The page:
If you want to create a picture made out of text characters (for example, a picture of the division of a register into fields, as a comment in a program), use the command edit-picture to enter Picture mode.

In Picture mode, editing is based on the quarter-plane model of text. In this model, the text characters lie studded on an area that stretches infinitely far to the right and downward. The concept of the end of a line does not exist in this model; the most you can say is where the last non-blank character on the line is found.

Of course, Emacs really always considers text as a sequence of characters, and lines really do have ends. But in Picture mode most frequently-used keys are rebound to commands that simulate the quarter-plane model of text. They do this by inserting spaces or by converting tabs to spaces.

Most of the basic editing commands of Emacs are redefined by Picture mode to do essentially the same thing but in a quarter-plane way. In addition, Picture mode defines various keys starting with the C-c prefix to run special picture editing commands.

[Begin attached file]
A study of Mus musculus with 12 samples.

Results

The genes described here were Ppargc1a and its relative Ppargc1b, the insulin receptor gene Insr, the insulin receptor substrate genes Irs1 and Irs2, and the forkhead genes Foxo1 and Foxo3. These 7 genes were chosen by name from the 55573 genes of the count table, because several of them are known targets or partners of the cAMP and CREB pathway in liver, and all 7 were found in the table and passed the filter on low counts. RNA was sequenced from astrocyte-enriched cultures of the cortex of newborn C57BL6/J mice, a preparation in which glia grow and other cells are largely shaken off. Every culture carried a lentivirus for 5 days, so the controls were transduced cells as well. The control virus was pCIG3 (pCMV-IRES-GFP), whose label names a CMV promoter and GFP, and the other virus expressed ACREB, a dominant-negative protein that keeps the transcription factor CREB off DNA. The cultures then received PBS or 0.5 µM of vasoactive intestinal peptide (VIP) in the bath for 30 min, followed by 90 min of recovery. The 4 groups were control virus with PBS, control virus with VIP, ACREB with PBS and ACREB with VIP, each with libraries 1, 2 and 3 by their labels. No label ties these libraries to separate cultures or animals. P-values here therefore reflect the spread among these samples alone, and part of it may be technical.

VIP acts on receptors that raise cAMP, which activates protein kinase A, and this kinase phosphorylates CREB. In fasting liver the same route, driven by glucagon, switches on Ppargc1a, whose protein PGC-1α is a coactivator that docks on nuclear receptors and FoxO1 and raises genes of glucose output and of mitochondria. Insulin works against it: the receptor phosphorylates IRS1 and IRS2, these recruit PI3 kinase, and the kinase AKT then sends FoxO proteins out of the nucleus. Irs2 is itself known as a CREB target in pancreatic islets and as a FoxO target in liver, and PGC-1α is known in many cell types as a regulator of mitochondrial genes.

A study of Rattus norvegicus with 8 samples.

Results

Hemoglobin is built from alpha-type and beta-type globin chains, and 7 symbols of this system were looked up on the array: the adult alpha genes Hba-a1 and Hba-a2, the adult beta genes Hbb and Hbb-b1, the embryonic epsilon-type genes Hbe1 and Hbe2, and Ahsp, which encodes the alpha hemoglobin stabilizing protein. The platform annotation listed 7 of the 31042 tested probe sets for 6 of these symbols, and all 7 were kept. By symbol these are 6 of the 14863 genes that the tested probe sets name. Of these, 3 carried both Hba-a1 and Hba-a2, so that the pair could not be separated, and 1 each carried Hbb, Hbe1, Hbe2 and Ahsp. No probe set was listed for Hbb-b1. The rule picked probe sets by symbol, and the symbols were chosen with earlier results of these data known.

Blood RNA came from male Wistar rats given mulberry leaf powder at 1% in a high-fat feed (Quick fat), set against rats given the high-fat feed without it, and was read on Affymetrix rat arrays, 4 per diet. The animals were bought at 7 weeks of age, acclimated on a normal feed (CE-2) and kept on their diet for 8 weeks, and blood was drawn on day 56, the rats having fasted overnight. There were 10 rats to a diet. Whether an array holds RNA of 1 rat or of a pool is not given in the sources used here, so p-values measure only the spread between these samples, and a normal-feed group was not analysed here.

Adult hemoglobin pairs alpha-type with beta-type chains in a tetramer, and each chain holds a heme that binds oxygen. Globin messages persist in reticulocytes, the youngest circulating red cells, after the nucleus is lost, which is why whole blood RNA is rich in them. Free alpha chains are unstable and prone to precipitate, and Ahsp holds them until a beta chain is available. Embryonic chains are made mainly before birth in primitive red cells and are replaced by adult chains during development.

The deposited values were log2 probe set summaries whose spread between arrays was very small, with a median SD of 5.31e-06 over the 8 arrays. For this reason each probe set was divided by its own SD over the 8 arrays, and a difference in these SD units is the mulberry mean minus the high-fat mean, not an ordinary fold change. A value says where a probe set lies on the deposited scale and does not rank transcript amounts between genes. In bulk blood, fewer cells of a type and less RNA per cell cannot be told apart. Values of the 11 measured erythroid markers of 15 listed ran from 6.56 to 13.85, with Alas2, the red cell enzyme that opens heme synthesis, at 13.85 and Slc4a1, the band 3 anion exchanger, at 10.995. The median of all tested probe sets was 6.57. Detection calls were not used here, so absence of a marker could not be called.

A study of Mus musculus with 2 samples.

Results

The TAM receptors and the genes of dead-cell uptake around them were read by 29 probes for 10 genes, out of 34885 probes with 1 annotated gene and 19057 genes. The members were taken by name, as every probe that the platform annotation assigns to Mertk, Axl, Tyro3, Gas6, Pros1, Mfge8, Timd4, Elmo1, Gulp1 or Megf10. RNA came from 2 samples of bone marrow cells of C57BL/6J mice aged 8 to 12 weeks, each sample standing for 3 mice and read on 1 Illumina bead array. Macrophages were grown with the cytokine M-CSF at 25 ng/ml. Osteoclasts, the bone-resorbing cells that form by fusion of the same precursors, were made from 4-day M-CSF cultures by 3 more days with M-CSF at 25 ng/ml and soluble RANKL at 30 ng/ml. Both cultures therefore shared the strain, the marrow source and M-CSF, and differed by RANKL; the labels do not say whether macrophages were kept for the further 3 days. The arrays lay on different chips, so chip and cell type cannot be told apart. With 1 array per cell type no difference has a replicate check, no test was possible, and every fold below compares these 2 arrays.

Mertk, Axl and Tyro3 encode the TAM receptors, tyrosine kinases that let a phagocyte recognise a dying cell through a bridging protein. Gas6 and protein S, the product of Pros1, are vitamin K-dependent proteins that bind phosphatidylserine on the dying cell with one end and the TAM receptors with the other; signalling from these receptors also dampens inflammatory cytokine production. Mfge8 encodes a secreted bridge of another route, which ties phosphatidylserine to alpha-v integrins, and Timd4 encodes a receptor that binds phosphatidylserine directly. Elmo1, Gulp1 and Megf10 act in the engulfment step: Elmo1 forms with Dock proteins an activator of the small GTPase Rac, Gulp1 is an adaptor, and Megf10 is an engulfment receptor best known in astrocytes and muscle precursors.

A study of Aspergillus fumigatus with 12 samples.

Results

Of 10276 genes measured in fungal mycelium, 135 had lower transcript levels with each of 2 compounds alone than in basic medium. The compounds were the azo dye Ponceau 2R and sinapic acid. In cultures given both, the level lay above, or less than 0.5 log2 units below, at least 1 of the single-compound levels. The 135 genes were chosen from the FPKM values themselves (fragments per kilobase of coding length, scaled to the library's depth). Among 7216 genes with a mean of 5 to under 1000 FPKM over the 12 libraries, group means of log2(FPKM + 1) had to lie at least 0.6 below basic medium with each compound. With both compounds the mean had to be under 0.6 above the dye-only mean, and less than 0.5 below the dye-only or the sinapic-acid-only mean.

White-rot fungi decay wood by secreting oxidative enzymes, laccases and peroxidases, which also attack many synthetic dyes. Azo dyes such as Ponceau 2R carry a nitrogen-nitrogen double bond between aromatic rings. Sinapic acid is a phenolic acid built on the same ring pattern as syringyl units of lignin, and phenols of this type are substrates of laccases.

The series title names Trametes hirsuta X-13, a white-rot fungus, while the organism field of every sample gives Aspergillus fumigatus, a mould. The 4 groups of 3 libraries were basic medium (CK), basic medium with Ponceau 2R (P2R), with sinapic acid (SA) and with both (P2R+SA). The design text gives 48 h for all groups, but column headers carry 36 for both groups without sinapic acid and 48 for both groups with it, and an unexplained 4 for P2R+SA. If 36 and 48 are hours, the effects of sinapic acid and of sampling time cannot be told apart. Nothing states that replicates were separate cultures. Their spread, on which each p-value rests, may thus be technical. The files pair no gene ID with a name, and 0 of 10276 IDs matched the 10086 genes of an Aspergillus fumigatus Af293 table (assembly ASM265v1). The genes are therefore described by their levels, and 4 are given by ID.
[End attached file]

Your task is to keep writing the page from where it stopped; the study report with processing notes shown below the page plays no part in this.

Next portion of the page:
One of these keys, C-c C-c, is pretty important. Often a picture is part of a larger file that is usually edited in some other major mode. M-x edit-picture records the name of the previous major mode. You can then use the C-c C-c command (picture-mode-exit) to restore that mode. C-c C-c also deletes spaces from the ends of lines, unless you give it a numeric argument.

The commands used in Picture mode all work in other modes (provided the picture library is loaded), but are only bound to keys in Picture mode. Note that the descriptions below talk of moving “one column” and so on, but all the picture mode commands handle numeric arguments as their normal equivalents do.

Turning on Picture mode calls the value of the variable picture-mode-hook as a function, with no arguments, if that value exists and is non-nil.